State of the Market

Since the tech bubble, the indices have largely been flat—in fact, the S&P is actually down from its height 11 years ago. Although the last decade has included two recessions, this low return can largely be accounted for by a contraction in valuation multiples. The following graph is helpful in visualizing this phenomenon with respect to price to earnings (P/E) ratios:

From the tech bubble, the DJIA began with a trailing 10 year P/E near 40 and has moved down to the current trailing 10 year P/E of 21 or so. If historic 10 year returns are presumed, the current trailing 10 year P/E implies that the next 10 years may not be stellar on a broad-market basis. On the other hand, using more recent valuation multiples, fair returns are also possible. However, some amount of skepticism should be applied to these earnings. For example, the two recessions in the last decade may lower the trailing 10 year earnings more than is warranted (thereby causing a higher trailing 10 year P/E than should be used). On the other hand, the current earnings (e.g., over the last few years) may be inflated due to high profit margins well above historic norms. Regardless, we are not investors in the broad market, so these considerations should not have much impact in our investment selection process.

In addition to the indices, this multiple regression can also be seen for individual companies. For example, large cap companies such as Coca-Cola, Microsoft, Colgate, and many others commanded an extremely high P/E during the tech bubble and even after its burst. The following is a graph comparing price and P/E for Coca-Cola:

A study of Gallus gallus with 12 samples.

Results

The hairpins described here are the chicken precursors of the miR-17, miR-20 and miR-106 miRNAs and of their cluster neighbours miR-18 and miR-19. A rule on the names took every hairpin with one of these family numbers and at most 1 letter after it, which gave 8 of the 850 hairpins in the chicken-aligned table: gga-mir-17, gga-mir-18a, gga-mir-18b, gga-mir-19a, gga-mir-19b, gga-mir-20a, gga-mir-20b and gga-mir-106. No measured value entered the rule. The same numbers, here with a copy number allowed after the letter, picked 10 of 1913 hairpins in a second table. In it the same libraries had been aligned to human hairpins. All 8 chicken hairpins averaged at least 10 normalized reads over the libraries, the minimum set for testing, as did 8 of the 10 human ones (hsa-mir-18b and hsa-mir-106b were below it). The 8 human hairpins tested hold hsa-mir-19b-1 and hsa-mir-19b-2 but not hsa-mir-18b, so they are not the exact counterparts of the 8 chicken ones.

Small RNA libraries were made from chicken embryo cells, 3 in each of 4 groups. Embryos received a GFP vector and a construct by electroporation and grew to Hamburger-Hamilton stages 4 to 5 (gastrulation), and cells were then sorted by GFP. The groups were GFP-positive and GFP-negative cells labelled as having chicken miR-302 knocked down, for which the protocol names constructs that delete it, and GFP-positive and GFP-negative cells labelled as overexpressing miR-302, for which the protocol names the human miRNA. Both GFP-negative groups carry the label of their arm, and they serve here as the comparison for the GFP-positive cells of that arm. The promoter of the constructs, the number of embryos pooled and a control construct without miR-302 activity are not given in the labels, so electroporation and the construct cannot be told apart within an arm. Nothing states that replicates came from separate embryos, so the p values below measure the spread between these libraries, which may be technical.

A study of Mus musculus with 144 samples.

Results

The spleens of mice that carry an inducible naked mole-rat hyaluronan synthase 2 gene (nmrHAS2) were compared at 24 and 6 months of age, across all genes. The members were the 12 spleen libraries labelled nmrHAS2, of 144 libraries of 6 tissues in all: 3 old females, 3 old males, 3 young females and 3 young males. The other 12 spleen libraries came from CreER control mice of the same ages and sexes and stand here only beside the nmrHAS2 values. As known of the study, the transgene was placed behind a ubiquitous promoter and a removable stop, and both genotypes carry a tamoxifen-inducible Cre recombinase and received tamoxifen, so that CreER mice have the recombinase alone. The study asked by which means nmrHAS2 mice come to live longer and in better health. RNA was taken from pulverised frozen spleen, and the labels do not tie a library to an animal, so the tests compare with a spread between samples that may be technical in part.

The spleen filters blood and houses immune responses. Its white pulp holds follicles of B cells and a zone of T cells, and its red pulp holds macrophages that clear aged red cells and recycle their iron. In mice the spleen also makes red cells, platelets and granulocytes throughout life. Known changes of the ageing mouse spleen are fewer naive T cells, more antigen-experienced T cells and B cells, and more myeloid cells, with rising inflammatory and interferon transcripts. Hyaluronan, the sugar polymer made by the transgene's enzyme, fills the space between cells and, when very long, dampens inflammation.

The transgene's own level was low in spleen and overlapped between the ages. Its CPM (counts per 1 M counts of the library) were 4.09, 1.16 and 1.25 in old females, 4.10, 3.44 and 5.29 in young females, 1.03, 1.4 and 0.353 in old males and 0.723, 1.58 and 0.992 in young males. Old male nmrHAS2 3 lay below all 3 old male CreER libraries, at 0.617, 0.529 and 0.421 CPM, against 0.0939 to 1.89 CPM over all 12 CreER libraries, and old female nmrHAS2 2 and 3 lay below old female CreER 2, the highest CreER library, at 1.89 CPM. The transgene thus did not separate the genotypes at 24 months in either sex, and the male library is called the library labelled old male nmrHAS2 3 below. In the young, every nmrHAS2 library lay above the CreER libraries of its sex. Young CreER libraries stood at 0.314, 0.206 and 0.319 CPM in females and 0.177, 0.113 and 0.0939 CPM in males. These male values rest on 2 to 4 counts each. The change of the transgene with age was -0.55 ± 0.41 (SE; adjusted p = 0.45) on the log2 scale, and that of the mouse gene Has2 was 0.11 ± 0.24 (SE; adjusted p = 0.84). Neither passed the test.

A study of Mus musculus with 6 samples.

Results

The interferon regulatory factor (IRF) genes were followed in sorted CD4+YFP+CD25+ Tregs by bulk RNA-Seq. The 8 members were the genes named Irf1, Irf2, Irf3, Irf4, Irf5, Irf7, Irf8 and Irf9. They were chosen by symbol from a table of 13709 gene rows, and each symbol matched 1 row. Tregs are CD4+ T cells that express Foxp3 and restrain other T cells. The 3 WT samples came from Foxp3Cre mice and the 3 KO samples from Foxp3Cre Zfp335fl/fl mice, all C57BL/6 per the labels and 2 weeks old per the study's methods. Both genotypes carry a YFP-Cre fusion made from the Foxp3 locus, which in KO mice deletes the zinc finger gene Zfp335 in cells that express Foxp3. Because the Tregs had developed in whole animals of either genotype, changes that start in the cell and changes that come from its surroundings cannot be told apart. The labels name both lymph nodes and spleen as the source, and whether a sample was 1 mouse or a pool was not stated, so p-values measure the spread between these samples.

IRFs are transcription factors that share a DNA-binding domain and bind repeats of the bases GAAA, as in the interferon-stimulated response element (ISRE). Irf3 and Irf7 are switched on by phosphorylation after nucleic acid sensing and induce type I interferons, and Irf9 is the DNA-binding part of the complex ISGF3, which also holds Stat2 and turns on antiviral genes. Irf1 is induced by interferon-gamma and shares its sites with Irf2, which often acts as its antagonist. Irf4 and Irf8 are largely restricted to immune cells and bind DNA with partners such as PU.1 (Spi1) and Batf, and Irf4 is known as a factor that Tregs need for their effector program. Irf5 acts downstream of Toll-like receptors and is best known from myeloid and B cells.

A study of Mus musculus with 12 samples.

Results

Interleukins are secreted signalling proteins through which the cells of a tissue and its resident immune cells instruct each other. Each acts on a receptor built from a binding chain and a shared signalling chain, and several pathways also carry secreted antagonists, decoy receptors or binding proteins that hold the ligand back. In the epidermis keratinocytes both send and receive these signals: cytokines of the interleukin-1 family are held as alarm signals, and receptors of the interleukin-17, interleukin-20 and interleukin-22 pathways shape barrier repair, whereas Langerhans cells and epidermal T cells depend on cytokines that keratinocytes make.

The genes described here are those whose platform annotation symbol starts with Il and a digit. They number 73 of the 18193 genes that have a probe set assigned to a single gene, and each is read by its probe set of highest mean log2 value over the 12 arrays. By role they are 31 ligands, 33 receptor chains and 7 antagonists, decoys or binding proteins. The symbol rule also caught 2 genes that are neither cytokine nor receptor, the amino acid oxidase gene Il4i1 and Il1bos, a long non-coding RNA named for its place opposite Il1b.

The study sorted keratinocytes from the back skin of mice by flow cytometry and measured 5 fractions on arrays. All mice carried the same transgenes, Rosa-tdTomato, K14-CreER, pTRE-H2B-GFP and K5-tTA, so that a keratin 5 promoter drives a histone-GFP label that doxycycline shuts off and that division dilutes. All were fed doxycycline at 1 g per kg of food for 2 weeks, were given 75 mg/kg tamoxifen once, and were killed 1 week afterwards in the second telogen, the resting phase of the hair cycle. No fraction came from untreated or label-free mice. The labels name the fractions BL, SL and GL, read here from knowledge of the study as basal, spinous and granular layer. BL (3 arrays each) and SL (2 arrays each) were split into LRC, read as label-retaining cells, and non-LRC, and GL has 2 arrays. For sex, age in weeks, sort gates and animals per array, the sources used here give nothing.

Thus, both the market as a whole and individual companies have undergone significant compression in valuation multiples. However, in many cases, particularly for the market as a whole, these multiples have not reached historic norms. It is unclear whether or how soon multiples will reach these “normal” levels. Regardless, in our view, market and individual company valuations are in a much better place than they have been over the past 10 or even 15 years.

As always, we will continue to search out for investments in individual companies with durable competitive advantages and large margins of safety to ensure out-sized gains.


A few stakeholders noted that our first Annual Report (for 2011) largely focused on various investing topics rather than the individual companies in the portfolio and the rationale behind those investments. In thinking this over and after recently reading back through the memos of Howard Marks, I believe a format change is in order. Going forward, the Annual Reports will primarily be directed to results and comments on the portfolio itself. In addition to the Annual Reports, as inspiration strikes me, I will begin posting essays on various investing topics.

One of the topics in the 2011 Annual focused on the "State of the Market" and particularly the contraction of valuation multiples over the past decade, both for the broad market and individual companies. I have reformatted that portion into its own essay, so it will be posted soon as my first essay. Additionally, I am in the process of writing a new essay concerning the fundamental nature of risk as well as the lack of correlation between returns and the risks undertaken to achieve those returns. Expect those to be posted soon!